I was talking with my friend yesterday before going to see Book of Eli (excellent film) and wondered aloud when it became commonly accepted that governments at the local, state and federal level would bleed red ink as a matter of course.
Hardly a day goes without some odoriferous official complaining about the looming shortfall in their already obscene budgets and the resulting lack of already lackluster services that will result. Our political pimps present the fait accompli of their plans as if we were idiots, incapable of understanding the shell game they are running with their partner pimps in America’s biggest companies.
I am beginning to think that a vast majority of us are in fact brain dead given the brazen zeal with which they operate their scams and the ease at which we are taken. Zombified by high-definition television, high-calorie diets and a pharmacological cornucopia of self medication that would make a Haight-Ashbury acolyte feverish with anticipation. We react with Pavlovian precision to the slightest twitch of our strings by the puppet master du jour.
“Government Bad! Corporations Bad! Other Bad! Me want Twinkie!”
Through a long history of not being able to vote or choosing not to vote, the difference between the two being nil in the final scheme of things, we have a society that is built on the foundation of predator and prey rather than one of shared prosperity and sacrifice. We got to the mountain top only to race back to the bottom because there was a sale on some shit we didn’t need and couldn’t afford but simply had to acquire before someone else beat us to the punch.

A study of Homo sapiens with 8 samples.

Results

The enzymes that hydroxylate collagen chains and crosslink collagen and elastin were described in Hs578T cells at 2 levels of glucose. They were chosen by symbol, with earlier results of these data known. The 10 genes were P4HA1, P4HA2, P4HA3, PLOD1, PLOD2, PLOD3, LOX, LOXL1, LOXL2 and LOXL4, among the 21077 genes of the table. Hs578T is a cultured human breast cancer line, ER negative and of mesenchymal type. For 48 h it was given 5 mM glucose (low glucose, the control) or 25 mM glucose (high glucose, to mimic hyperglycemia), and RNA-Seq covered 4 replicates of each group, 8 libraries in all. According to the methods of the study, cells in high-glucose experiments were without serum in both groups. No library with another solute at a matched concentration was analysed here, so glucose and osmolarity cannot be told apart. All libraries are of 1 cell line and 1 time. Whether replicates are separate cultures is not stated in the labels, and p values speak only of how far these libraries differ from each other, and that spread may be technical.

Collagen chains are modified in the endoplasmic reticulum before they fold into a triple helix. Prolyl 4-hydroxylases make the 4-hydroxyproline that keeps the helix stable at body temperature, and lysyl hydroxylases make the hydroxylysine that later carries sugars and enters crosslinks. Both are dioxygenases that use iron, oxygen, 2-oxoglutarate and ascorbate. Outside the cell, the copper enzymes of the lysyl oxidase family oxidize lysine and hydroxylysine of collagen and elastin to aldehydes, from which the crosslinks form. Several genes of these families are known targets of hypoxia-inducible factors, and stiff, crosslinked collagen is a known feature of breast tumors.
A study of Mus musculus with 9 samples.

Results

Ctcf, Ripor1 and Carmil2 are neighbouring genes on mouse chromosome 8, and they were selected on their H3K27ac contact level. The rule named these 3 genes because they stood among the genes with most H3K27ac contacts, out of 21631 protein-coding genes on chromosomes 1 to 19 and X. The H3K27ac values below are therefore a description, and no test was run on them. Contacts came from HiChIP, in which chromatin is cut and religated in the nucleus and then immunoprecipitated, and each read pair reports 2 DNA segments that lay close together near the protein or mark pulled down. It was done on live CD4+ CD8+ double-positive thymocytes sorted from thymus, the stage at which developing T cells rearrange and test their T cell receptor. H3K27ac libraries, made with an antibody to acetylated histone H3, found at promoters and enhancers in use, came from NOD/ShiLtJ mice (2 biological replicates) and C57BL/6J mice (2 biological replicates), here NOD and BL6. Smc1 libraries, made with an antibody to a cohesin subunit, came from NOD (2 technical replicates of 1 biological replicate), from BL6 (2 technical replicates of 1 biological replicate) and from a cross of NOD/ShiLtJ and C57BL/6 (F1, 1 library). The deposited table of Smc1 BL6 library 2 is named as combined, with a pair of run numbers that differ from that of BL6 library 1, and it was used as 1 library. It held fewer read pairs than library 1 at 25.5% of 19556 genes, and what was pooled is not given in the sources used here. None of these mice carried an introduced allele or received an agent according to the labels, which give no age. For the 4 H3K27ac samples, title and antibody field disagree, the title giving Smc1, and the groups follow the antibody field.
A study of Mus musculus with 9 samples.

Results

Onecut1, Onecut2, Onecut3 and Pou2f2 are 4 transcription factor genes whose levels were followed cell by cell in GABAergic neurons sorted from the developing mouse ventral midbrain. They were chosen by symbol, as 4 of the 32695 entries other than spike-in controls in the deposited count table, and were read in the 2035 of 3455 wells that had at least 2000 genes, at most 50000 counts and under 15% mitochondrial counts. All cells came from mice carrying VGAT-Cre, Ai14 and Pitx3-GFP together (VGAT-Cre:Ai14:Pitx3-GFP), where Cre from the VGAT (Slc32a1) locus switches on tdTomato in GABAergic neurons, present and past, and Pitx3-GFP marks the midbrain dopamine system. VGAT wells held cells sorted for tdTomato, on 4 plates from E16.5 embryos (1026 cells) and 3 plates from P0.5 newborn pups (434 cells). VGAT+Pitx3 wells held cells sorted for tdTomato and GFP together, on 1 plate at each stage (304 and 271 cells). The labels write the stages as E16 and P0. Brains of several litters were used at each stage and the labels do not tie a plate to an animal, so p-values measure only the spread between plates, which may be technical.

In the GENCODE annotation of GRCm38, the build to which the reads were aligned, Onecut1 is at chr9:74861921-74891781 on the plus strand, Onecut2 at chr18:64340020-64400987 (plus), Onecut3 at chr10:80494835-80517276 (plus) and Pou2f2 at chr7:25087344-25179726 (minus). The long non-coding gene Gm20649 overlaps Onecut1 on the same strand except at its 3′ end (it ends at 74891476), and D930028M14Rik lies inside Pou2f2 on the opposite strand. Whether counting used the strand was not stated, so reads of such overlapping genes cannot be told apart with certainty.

The tragedy of the situation is that throughout our political spectrum Americans would probably agree on many structural changes that need be made to the existing system even while deciding to table the remaining disagreements for a later date when the house is no longer on fire. We speak at each other and past each other without every really hearing the grievances of our fellow citizens in a way that might lead to solidarity of action rather than a conflict of ideals.
I can’t remember a time when Americans have lived up to the inherent possibilities in our system of government, but that doesn’t mean we can’t start now to facilitate a transition back toward something a little more in line with the Constitution we purport to follow. We need more state-level tactical implementation of broad federal strategies and that shift requires a fundamental change in how our taxes are levied and managed. With local implementation, it becomes easier to enforce accountability of those monies raised and spent.
We seem reluctant to conduct detailed analysis of the problems and solutions, both those we agree with and those we don’t, before forming our opinions.
Instead, our political discourse features bitter partisan rants, seeming to care more about the symptoms than the disease with predictable results for the patient. Heath care reform becomes more about regulating insurance companies or too much government control or not enough access to care rather than changing specific public policies that make us sicker as a nation. Put our exponentially widening population into any country with national health care and it would soon crumple under the weight.
America is seriously damaged in some very fundamental ways that no one seems to want to discuss outside of one-on-one encounters across the kitchen table or the back fence.